Friday, July 07, 2006

Things that Karaoke Has Taught Me

A friend of mine once said "Planning karaoke is like planning sex". At the time she meant it took the joy out of it, the spontaneity, the thrill. But as we get older, planning activities such as these can become an important way of making sure you get an appropriate outlet for the most fundamental of urges.

Last night between six and ten pm, I was to be found in a small, darkened room here singing a variety of show tunes, soul anthems and jaunty sixties tracks to an old, very close friend ("just the two of us"). Yes, I was left with a stinking hangover but a few insights have stayed with me.

Know Your Instrument
If your voice varies in quality, it's best to aim low and pick songs by others with similar issues, e.g. my most successful song last night was "Pull Up to the Bumper" by Grace Jones although admittedly I did accompany myself with some over-ambitious dance moves involving a touch too much "booty" than was appropriate given dimensions of said booty.

Remember to Breathe
Which brings me to attempting any Beyonce numbers... That woman should be applauded for more than her usually admired asset, she clearly has a fine pair of lungs. On attempting to sing her latest hit "Check on It", the lyrics for which translate as "Look at my bottom. Look at my bottom. You know you want to. Go on, look at it, I might let you touch it later. Look at my bottom.", I nearly fainted.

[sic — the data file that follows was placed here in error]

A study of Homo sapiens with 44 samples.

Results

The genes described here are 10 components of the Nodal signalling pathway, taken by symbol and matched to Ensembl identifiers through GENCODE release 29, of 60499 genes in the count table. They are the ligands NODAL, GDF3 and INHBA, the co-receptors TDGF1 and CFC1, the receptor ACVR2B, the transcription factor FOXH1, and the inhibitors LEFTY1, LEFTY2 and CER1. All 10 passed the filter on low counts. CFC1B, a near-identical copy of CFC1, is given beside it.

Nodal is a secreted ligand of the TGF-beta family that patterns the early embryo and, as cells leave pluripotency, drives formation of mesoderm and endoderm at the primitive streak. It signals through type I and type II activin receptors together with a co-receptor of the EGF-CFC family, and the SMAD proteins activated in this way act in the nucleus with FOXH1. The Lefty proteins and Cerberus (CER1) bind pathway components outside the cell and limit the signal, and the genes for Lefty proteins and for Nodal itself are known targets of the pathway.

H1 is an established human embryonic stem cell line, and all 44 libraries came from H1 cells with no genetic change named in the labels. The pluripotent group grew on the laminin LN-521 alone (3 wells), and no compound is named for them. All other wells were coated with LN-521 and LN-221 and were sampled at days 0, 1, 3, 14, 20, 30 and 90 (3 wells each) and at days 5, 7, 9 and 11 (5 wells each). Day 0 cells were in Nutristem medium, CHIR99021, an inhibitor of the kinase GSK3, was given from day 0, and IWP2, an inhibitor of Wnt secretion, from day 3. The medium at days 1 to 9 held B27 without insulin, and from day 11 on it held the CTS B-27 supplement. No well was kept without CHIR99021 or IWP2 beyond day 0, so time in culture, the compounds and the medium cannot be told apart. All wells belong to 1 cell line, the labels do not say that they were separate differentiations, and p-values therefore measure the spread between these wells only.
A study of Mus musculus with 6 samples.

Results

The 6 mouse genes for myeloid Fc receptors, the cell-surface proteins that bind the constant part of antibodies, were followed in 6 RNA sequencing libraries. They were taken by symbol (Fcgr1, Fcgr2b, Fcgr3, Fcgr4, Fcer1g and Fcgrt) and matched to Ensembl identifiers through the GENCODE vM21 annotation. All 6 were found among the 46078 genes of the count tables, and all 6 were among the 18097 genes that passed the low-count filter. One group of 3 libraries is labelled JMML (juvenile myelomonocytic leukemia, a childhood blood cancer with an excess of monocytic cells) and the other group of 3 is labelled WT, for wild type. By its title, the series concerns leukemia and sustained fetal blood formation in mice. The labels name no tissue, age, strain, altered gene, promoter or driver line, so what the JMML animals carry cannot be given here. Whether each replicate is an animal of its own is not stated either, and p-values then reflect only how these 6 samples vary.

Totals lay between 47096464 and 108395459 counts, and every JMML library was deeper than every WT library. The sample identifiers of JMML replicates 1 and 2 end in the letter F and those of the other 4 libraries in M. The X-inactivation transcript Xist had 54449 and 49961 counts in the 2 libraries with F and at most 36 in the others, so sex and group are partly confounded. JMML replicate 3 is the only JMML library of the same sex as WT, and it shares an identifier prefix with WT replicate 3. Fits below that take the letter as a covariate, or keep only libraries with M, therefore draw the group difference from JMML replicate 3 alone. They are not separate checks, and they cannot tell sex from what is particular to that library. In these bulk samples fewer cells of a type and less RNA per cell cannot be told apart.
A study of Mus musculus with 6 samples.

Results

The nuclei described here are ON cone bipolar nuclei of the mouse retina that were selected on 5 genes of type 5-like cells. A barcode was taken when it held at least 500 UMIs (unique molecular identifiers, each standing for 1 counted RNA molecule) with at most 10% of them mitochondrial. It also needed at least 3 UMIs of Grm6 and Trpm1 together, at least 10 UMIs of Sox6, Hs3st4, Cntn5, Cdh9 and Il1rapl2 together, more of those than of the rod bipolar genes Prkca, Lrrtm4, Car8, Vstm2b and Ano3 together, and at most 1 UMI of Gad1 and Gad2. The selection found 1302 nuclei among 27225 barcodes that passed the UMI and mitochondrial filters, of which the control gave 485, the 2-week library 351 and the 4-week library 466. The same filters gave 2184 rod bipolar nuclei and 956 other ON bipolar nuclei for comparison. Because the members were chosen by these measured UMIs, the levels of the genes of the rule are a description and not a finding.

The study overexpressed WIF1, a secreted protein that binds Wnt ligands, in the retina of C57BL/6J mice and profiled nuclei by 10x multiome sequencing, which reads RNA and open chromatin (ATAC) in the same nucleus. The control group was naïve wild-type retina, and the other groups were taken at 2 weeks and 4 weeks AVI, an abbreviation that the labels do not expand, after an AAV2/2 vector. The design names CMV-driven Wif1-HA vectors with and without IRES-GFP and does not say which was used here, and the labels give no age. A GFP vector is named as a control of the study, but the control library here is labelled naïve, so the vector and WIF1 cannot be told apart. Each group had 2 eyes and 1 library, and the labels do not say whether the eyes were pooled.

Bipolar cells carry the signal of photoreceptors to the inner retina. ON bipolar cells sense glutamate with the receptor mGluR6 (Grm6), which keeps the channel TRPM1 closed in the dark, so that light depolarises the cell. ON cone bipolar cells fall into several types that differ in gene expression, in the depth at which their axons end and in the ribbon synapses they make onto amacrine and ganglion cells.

Singing Loudly is a Great Alternative Therapy
As old school friends singing songs from their youth whilst being regularly attended by barstaff bearing house white tend to, we had some tearful moments. The only remedy for such a moment is to grip the other round the shoulders, plant a big kiss and sing loudly through it. I have also found this technique to work at funerals and weddings.

Percussion Instruments are Harder to Play Than They Look
I never imagined you could ruin a song with some ill-timed flicks of the wrist, but my tambourine technique was truly terrible. Thank god they didn't leave the bongos in our room.

I realise I now have some strange addiction to this form of karaoke; I've already got my next session booked. Partly it's got to be an endorphin rush, but also it's about those moments when your head is down between chorus and third verse and you hold the microphone with circled thumb and forefinger and tap it with your other straightened fingers, and for a few glorious moments are as cool as you always hoped you would be. Then, of course, you open your mouth ...

If you're at all tempted by my glowing report and thinking about going along, I must emphasize that, rather like LSD, it is advisable that your first time is only ever attempted with a very select group of close, trusted friends in order to avoid any adverse psychological reactions such as paranoia, excessive comedown or a permanent loss of grip on reality - remember, you're not really nor ever will be that cool.